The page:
By
MARK LANGFORD

HOUSTON -- Former President Gerald Ford, the last Republican to lose the White House to a Democrat, warned GOP delegates Thursday night that a Bill Clinton victory would return America to the days of high interest and inflation rates in the Jimmy Carter era.

Saying the 1976 election is 'really not my favorite subject,' Ford compared his situation then to that of the Republicans in 1992 -- a struggle to overcome a sour economy and a Democratic lead in the polls.


Ford said there needs to be a change in 1992, but it should be a change of leadership in Congress, not of presidents.

'If it's change you want on Nov. 3, my friends, the place to start is not at the White House but in the United States' Capitol,' he said. 'Congress, as every school child knows, has the power of the purse. For nearly 40 years, Democratic majorities have held to the time-tested New Deal formula, taxand tax, spend and spend, elect and elect.'


But he said Bush, backed by a Republican Congress, would lead the nation out of its economic woes.

'We must give President Bush the kind of back-up in Congress without which no president can turn his programs into real progress,' he said, noting that it has been since 1953 and 1954 since Republicans enjoyed a majority in both houses of Congress.

Ford also suggested that governors, Clinton included, do not have enough experience in national and foreign affairs to serve in the nation's highest political office.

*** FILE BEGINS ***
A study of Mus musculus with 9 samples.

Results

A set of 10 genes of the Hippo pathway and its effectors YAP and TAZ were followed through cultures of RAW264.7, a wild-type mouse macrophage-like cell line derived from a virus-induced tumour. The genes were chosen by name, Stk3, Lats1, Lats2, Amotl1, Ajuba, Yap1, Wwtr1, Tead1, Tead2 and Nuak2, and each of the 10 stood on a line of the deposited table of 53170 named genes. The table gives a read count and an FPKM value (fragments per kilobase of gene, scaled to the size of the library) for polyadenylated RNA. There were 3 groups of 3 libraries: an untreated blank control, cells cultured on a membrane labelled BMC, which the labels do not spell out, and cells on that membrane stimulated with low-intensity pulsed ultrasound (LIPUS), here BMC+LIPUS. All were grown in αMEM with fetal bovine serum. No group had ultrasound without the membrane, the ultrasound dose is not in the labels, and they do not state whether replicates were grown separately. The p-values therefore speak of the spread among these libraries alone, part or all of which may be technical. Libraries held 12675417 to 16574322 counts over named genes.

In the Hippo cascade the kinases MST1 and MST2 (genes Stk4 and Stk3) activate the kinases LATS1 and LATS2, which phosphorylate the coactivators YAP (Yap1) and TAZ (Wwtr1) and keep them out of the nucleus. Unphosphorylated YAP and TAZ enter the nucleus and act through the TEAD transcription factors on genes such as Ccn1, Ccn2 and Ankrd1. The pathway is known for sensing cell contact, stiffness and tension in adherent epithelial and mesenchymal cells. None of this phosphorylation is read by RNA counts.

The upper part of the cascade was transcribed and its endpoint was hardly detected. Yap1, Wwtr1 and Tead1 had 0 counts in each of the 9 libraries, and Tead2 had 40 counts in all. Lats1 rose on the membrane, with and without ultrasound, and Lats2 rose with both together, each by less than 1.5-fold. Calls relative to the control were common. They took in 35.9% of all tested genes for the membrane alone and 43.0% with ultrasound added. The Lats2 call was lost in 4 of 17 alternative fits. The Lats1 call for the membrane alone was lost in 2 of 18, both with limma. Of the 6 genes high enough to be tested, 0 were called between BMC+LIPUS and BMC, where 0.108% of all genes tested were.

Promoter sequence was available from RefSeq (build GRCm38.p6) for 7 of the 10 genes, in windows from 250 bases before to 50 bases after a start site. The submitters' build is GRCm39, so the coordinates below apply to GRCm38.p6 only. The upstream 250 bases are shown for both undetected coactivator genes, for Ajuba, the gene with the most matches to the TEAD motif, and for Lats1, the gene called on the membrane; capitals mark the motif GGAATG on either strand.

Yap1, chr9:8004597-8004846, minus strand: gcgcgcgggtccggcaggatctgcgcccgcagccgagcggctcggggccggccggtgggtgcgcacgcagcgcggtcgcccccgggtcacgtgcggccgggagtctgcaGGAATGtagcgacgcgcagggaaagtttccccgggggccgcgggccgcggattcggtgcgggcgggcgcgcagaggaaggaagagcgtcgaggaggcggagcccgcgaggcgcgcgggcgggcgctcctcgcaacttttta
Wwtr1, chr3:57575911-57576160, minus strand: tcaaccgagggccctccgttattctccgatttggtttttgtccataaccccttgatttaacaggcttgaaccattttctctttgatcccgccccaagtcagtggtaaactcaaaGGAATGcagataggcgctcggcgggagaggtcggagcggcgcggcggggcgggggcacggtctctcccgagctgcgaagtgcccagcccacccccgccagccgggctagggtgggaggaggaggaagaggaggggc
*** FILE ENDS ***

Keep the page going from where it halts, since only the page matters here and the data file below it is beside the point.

'With all due respect to governors... the House and Senate is a great, great training ground for people who subsequently become president,' said Ford, who served in the House for 26 years. 'In my opinion, if you look at the career of President Bush, he has had probably as excellent a background before becoming president as anybody, at least in my experience,' he said.

Ford made his remarks at a GOP convention leadership forum, 'Defining the Presidency,' which also included former Republican senator and White House chief of staff Howard Baker.


'With no disrespect for former President Reagan, there could not have been a Reagan Revolution without the Republican membership in Congress,' Baker said.